05 August 2011

Celebrating Lessons and Hopes (EN)

I’ve reached the 100-post mark on this blog.  While I’m not 100% about conformity, it’s an easy Friday, and I’ve seen other bloggers taking the time to reflect on such occasions…  I’m checking my blog stats regularly, but I don’t do it in order to monitor my traffic and learn how to increase the number of either readers or pageviews;  I do it because I’m interested as to what seems to excite/inspire my readers.  And I think it’s quite telling that only a personal story managed to break the 500-pageview mark, while 2 more such posts are present in the all-time top 10.  NGO- and policy-related posts are also present in the all-time top 10, but note that all of these posts in the top are written in Romanian.

I really learned about writing while a student abroad, directly in English.  There was a time when, not being used to the keyboard and the screen, I used to write everything by hand, and type it later.  But I‘ve always had this urge to write about things, even before I got my writing education in English.  I remember the very early 1990s, when I traveled to Prejmer, to write an article about some agro-tools (then) recently donated by a Swiss foundation to the local German-speaking population.  What came out?  Nothing you’d call an article, since I really didn’t know how to write!  I’m still not sure I do, especially when I think of structure, but I hope guess substance and style make the attraction among my Romanian readers?!?

So, deep down, I’m quite surprised with the results illustrated above.  I started blogging directly in English, while at an inter-governmental anti-corruption conference, where civil society views needed to be reflected in real time, in an attempt to persuade delegates and sway votes.  I found the direct and positive impact quite intriguing, so I decided to continue writing on Romania’s governance, rule-of-law, anti-corruption policies and strategies, thinking of a former professor’s words:  There’s not enough English coverage of Romania, for your country to become interesting either for political scientists or for direct investors!  But the stats don’t lie—the number of people outside of Romania, interested in reading my views, is rather insignificant :-(

Hence, earlier this year, I started also writing in Romanian, more and more frequently.  In doing so, I have deliberately ignored any characteristics of a target audience, but rather used this blog to vent some of my deeper concerns.  Apparently, that’s what people want—to peek, to pry, to partake vicariously in someone else’s torments, trials and tribulations.  I guess that’s also why tabloids are so popular?  But I don’t read tabloids, and I also try to offer solutions to the problems I see…  Still, judging from the extremely low number of comments on my blog posts, I take it that my solutions are either impractical, useless or too idealistic?  Yes, I tend to do that, offer uncalled-for solutions, and I need to restrain ;-)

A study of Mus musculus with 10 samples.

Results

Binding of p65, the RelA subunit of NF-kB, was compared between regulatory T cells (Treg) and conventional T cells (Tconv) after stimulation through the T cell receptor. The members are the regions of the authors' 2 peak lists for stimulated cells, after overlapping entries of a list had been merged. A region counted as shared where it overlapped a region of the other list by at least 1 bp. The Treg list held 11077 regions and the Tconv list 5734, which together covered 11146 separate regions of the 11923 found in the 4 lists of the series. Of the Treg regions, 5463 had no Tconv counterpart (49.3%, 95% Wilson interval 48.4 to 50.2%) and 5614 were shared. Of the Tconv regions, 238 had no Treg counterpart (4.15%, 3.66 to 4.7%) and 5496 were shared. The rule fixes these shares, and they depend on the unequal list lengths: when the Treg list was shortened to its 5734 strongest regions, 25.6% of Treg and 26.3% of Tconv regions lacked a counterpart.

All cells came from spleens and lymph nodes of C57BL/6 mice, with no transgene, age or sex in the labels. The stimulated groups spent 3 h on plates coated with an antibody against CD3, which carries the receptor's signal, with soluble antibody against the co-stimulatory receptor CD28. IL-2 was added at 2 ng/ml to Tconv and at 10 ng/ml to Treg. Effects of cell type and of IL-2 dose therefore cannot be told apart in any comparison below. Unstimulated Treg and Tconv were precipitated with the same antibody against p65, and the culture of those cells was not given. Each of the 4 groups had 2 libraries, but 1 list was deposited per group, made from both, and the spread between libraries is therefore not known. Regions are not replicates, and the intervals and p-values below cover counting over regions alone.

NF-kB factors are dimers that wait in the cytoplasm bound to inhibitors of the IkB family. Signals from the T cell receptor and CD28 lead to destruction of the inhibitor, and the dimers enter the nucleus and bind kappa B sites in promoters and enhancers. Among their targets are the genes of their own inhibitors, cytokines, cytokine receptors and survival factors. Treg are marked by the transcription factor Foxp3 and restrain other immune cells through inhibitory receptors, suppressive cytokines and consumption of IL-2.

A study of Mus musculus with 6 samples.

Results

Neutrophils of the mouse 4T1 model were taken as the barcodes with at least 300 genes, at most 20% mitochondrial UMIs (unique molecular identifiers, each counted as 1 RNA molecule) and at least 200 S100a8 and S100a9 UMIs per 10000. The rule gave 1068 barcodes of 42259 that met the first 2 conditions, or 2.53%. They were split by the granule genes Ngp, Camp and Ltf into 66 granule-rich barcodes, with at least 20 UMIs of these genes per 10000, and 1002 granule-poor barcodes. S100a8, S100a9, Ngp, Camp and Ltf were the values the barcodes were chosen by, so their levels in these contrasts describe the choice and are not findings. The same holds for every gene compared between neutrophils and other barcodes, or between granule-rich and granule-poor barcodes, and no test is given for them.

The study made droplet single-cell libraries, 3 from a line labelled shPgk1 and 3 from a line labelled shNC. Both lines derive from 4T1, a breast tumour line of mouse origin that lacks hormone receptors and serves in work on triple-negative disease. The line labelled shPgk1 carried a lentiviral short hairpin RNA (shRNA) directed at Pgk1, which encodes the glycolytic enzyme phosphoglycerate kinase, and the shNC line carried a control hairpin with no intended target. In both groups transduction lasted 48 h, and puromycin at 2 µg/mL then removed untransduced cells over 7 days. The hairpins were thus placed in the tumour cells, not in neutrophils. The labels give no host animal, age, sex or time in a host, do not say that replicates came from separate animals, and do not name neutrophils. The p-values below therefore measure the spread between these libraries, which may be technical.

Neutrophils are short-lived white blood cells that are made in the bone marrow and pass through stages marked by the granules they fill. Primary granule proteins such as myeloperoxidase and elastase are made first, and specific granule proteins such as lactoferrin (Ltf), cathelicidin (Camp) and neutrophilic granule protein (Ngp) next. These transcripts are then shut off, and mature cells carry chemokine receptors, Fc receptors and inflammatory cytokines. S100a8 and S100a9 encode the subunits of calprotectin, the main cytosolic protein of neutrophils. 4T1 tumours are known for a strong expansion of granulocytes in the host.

What else have I learned?  Now I would know how to import old posts, instead of copy/pasting all of them, by hand, taking up a full day’s work;  how to schedule some of my posts, as well as how to draft them offline;  how to tweak with the template and the widgets;  how to get higher in zelist rankings, by commenting a lot of other people's posts, by engaging conversations on other platforms, and thus attracting traffic on my own blog…  But this is utterly unimportant!  I learned that blogging may serve to take a load off your chest, vent, release some steam;  that i'm responsible for those who really read, and act upon, what I write;  that some people never read, nor ever understand, regardless how much I wanted them to get it…

And while I learned how important it is to serve/cater to constituents, here, I’m writing this in English, for a Romanian public?!?  Well, I also learned that I’m the most important person in my own life;  and this is my blog—sometimes, I’m just doing things for the heck of it, just the way I like, feel or want them ;-)  Since I read and interpreted the stats in English, I was just too lazy to switch my thinking and writing into Romanian…  But I really want to thank my friends for their help and support, and thank my readers for bearing with my whims…  And I hope (while I don’t promise) that I won’t wait another 3 years before we get to celebrate the next 100 posts ;-)  Cheers, sing along, and have a great weekend!



PS  Search results are funny, as well:  Because of an old post on the Constitutional Court, people looking up the past participle for strike tend to land on my blog, too—and quite often :-)  Also, because of a more recent post on the really bad habit of smoking, my blog scored in someone's search for methods to steal cigs from dad :-(  I commend the search for proper grammar, I condemn the search for stealing methods!